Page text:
Spinal degenerative joint disease symptoms and causes
Spinal degenerative joint disease is a form of osteoarthritis that affects the spine. The spinal column is a complex system that protects the spinal cord, provides structural support for the body and allows movement such as bending and twisting. As we age, the spine naturally begins to deteriorate from the many years of wear and tear it endures, and osteoarthritis is a common degenerative condition that affects the spine and other joints in the body.
Symptoms of spinal degenerative joint disease
Early on, this condition may not cause noticeable symptoms or may cause only minor aches and pains that go mostly unnoticed. As the condition progresses in the spine, you may experience:
- A shooting pain that starts in the back and travels down an arm or leg
- Feeling stiff or sore for no reason
- Fatigue and headaches
- Localized pain in the affected joints of the spine
If you notice any of these symptoms, you may want to consult a physician to get a diagnosis.
Causes of spinal degenerative joint disease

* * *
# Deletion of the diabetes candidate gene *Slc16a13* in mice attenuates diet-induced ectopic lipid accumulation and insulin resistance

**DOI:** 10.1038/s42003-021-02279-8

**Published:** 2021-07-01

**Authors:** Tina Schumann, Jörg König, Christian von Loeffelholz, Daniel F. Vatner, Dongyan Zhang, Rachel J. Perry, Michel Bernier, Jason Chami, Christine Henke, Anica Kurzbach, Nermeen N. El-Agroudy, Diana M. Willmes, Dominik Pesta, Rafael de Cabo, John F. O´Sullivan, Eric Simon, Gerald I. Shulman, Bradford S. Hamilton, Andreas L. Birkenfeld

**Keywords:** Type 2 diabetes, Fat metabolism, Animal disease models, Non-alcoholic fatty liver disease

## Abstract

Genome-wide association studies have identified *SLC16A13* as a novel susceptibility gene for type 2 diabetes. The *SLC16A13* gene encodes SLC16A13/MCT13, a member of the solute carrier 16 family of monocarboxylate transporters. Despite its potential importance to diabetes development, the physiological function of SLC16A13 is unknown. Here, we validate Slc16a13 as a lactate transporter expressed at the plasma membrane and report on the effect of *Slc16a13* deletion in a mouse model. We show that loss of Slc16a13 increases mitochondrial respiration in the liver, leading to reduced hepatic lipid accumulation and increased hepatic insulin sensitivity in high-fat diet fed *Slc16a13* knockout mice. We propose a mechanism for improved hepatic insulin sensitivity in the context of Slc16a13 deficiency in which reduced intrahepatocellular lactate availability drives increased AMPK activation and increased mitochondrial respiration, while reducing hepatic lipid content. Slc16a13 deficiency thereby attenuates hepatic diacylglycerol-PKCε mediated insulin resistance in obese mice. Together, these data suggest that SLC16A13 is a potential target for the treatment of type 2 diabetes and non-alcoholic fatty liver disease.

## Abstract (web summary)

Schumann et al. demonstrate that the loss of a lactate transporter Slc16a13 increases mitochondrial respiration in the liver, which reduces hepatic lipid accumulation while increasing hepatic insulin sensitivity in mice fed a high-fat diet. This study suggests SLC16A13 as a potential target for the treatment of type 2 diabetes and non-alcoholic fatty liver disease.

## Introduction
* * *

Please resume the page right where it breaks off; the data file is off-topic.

Degenerative joint disease is primarily caused by the natural aging process. However, certain factors can make the condition more likely or progress faster, including:
- Gender (the condition is more common in women than in men)
- Genetic predisposition
The spinal discs can also play a role in the development of degenerative joint disease in the neck and back. As we age, the discs that provide a layer of padding between the vertebrae begin to thin. Eventually, this can result in excessive pressure on the facet joints, which are the hinges formed by adjacent vertebrae that allow us to move. When the facet joints wear down, they can become inflamed, resulting in pain felt when moving in a way that engages these joints, such as twisting the torso or moving the head. These are the hallmark signs of degenerative joint disease.
Minimally invasive surgery at Laser Spine Institute
When pain and other symptoms caused by degenerative joint disease interfere with daily activities, several treatment options may be considered. Conservative treatments, such as anti-inflammatory medications and physical therapy, are often the first step. However, when nonsurgical options are ineffective, a next step to consider is minimally invasive spine surgery.
The board certified surgeons+ at Laser Spine Institute have helped more than 60,000 patients find relief from their neck and back pain. Our minimally invasive procedures require less than a 1-inch incision with less risk of complications than traditional open spine surgery.
If you’re interested in receiving minimally invasive spine surgery at Laser Spine Institute to treat degenerative joint disease, contact us today. We can provide you with a no-cost MRI review* to determine if you’re a candidate.